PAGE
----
Chicago's Fraternal Order of Police union — which is the largest union representing Chicago Police Department officers — has been working without a contract with the city since 2017. Talks with the city had previously stalled when the union's prior president demanded an 18% raise — with back pay — over three years.
The union elected a new president, John Catanzara, earlier this year, which led some to hope that the contract impasse might end.
That hope may prove to be short lived.
Chicago Mayor Lori Lightftoot's office sent the FOP a proposed contract on Tuesday that provided for a 10% raise over a four-year period, but which also included a lengthy list of police reforms that would increase civilian oversight of the police department and provide for anonymous complaints between officers, the Sun-Times reported.
Currently, complaints against officers must be accompanied by a sworn affidavit, which reform advocates say makes police less likely to act as whistleblowers against their comrades.
Catanzara's response, according to the Sun-Times, was to storm out of the negotiating session and promise a "financial only" counteroffer — and to threaten that any city council member who voted against it would find themselves facing an election against candidates who are bankrolled by the police union.
"We will be taking names. We will be slating candidates. … We will have a $1 million-a-year PAC going forward starting next year. And in 2023, there's going to be a day of reckoning for these aldermen who think they can skate by under the radar and say they support the police, but do nothing. We're gonna see who shows up and who wants to do the right thing by the men and women of this police department who have absolutely been champions this whole summer and used like rented mules at the drop of a hat with no consideration whatsoever. Well, it's time to pay the piper," Catanzara said.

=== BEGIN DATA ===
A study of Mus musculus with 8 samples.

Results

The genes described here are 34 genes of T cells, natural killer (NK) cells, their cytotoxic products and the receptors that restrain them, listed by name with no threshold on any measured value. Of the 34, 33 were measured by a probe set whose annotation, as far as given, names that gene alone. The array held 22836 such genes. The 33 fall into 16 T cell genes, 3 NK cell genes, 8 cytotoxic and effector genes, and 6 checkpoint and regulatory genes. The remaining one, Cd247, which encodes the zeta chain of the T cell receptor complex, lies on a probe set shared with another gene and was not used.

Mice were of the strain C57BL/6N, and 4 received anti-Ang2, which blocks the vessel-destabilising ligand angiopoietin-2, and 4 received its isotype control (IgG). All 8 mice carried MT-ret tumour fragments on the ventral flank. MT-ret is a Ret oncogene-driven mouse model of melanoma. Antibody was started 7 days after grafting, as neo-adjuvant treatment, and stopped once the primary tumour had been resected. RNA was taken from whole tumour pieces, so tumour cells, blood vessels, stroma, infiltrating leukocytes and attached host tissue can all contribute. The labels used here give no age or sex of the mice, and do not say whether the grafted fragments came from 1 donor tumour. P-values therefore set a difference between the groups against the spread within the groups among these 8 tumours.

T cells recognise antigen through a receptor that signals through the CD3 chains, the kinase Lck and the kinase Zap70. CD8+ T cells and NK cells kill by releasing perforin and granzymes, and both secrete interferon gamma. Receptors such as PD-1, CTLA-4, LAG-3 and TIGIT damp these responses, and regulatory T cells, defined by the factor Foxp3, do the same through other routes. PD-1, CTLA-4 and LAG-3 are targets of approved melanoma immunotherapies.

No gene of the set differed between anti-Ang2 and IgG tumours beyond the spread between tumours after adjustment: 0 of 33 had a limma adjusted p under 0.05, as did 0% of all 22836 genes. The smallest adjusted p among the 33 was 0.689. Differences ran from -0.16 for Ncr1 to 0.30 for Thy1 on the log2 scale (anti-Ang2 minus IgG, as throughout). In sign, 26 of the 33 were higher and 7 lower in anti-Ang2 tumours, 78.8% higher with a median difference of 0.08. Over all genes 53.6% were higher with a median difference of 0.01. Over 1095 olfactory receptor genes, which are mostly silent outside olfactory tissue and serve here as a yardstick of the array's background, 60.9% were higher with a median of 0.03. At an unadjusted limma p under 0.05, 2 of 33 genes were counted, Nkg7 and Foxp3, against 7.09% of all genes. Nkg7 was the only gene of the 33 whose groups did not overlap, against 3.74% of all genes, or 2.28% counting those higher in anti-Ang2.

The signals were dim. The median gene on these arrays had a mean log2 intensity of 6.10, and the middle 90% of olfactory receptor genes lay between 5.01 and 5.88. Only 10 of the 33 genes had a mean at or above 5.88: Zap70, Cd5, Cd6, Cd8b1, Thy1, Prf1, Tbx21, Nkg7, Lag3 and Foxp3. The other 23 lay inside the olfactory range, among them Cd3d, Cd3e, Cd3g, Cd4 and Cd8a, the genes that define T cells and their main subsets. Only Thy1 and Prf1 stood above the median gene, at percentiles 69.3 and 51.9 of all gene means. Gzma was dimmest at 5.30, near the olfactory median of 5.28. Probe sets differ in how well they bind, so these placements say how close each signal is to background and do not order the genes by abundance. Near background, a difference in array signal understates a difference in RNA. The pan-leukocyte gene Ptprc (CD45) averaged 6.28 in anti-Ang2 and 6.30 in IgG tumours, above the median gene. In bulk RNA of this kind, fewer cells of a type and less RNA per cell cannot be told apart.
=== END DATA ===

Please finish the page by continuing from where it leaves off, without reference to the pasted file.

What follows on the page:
Catanzara declined to elaborate to the Chicago Tribune on which of the specifics in the mayor's reform plan he found objectionable, but he did say that he felt that it would weaken police officer's rights when faced with disciplinary actions. He also expressed outrage that the city negotiated contracts with the city's teacher's union and firefighters before completing contract negotiations with the police.
"We are not taking the short end of the stick...We're last in line when the teachers should have been last in line," Catanzara said.
Referring to the city's firefighters, Catanzara said, "Firemen get to go back to their firehouse and wait for the next call, no matter how long they're working. Police don't have that luxury. They're out there standing on foot posts for 12 or 14 hours. No bathrooms in sight. Women have to go find a dumpster to squat behind to go the bathroom. Getting s*** thrown at us. Fireworks shot at us. Spit on. .… Our profession is a harder profession — especially in this day and time. And we need to be treated and compensated accordingly."
Catanzara was also not impressed with Lightfoot's claim that the city is facing a $1.2 billion budget shortfall in 2021.
"I basically told them our members are not gonna take it over the barrel because you guys delayed us intentionally for three years now. And now, because, `Woe is me. We're poor,' now, we have to take it on the chin. That's not gonna happen," Catanzara told the Sun-Times.